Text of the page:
Sleep Info – Preschooler

By the age of three your child will be familiar with routine, with what they should be doing and what they shouldn’t! Your child may well have dropped their daytime nap or may sometimes only need a quick ‘power nap’. They’re probably being worn out at nursery too so if they’re not already sleeping through, the reduced naps and extra stimulation should encourage a good night’s sleep for 11 – 12 hours, depending on whether they’ve slept in the day.

At around 3 your child will start to understand the concept that actions have consequences and good behavior can come with a reward. Once this understanding comes, you can use positive reinforcement (sometimes known as bribery!) to promote good behavior. This can be anything from a sticker for going to bed nicely to a treat from the shop for holding your hand all the way. It is important that you make sure your child understands the concept fully before you start using positive reinforcement and that they are able to cope with delayed results, as, for example, going to bed nicely won’t be rewarded until the next day.

Whilst things get easier because you can help your child to understand why they have to do things and that they can be rewarded for positive behavior, pre-school age is a time full of changes and this can mean disturbed nights.

Nightmares and night terrors are two causes for disturbed nights that usually start and peak around preschool age. Nightmares will usually happen in the second half of the night when your child has more REM sleep, whereas waking within the first two hours of going to sleep can be attributed to night terrors. Whilst night terrors are most distressing for parents, your child will usually be totally unaware of what happened and unable to recall it in the morning. With these it is best not to wake your child but simply wait for them to calm down and guide them back to bed.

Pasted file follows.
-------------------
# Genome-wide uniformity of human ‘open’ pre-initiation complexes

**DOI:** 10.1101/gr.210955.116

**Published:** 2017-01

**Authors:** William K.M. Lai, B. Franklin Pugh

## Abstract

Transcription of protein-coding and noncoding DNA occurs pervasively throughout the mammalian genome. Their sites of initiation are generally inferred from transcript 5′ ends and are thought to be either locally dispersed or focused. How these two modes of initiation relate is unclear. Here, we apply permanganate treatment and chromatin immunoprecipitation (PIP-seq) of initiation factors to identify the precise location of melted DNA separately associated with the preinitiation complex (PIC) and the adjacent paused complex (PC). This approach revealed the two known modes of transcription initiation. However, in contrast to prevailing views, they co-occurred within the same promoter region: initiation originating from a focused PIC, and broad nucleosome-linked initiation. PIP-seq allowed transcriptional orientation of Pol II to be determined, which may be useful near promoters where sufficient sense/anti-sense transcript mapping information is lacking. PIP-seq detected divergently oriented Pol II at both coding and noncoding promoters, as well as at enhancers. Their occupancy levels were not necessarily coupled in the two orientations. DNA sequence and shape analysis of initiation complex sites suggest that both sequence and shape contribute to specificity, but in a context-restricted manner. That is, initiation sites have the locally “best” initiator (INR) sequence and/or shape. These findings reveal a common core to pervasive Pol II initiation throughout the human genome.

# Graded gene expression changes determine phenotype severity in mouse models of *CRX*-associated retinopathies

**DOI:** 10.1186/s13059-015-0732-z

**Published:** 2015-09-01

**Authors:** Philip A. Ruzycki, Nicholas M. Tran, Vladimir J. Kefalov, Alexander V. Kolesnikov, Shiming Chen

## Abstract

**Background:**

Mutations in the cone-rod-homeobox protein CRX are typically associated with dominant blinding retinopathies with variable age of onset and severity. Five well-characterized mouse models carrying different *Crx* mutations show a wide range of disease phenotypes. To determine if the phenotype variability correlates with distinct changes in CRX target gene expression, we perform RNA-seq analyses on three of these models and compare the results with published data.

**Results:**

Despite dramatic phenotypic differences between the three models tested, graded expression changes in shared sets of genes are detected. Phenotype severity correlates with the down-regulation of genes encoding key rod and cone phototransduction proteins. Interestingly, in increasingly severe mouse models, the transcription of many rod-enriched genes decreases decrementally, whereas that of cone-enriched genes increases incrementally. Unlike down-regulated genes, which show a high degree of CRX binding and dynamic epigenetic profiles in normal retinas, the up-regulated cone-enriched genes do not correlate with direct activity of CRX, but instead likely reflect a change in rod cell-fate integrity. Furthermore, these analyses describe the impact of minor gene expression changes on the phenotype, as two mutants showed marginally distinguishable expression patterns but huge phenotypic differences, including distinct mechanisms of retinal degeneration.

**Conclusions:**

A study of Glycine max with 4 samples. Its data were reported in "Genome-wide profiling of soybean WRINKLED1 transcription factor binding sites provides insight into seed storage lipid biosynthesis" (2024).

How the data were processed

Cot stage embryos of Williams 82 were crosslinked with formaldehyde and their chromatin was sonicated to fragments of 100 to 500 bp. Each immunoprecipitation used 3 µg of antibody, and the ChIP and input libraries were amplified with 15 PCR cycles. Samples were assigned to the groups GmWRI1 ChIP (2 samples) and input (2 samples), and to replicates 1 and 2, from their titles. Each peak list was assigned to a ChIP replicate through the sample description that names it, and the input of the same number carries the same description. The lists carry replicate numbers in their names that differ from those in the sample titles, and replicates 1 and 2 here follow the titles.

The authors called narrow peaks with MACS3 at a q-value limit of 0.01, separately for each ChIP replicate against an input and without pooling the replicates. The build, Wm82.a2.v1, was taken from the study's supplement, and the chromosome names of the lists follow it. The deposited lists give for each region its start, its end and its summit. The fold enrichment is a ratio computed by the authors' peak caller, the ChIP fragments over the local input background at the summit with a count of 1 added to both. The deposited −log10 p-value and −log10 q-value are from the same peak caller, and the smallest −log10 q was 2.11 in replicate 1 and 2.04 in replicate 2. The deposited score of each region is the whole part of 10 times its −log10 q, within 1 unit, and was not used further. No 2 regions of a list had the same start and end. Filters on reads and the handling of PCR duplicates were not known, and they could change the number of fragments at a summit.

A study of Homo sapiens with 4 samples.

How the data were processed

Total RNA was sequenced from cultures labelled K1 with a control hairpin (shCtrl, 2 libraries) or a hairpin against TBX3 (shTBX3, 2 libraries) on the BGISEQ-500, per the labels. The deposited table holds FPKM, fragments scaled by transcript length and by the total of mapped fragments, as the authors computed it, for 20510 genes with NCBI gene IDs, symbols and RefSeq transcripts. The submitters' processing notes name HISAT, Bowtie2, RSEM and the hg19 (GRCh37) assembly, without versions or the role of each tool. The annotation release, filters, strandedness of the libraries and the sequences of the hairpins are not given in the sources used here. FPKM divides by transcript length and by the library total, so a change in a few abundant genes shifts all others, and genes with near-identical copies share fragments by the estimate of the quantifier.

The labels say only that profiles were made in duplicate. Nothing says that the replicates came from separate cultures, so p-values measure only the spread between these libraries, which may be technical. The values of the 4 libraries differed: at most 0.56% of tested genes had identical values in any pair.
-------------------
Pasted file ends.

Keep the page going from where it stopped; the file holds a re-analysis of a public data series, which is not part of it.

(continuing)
If your child has a nightmare, remember that until they are 4 or 5 they won’t be able to differentiate between the concept of a dream and reality so don’t waste your time explaining it, just offer them comfort and put them back to bed. If nightmares or terrors are frequent and distressing it may be worth talking to your doctor or health visitor. But remember, being overtired, sugary foods and drinks and development can cause night terrors and they should phase out naturally by the age of 5 or 6.

Other developmental issues that may affect sleep are bedwetting and moving from a cot to bed. These are both preschool landmarks that some children will take to more easily than others. Be guided by your child; observe how excited or reluctant they are about going to bed without a nappy or moving to a bed. If they seem anxious it may be worth waiting a little while before making changes.

As with every step of parenthood, be guided by you and your family’s readiness to make changes and don’t feel pressurized to make changes because your friends are or you think they should be doing something differently at their age.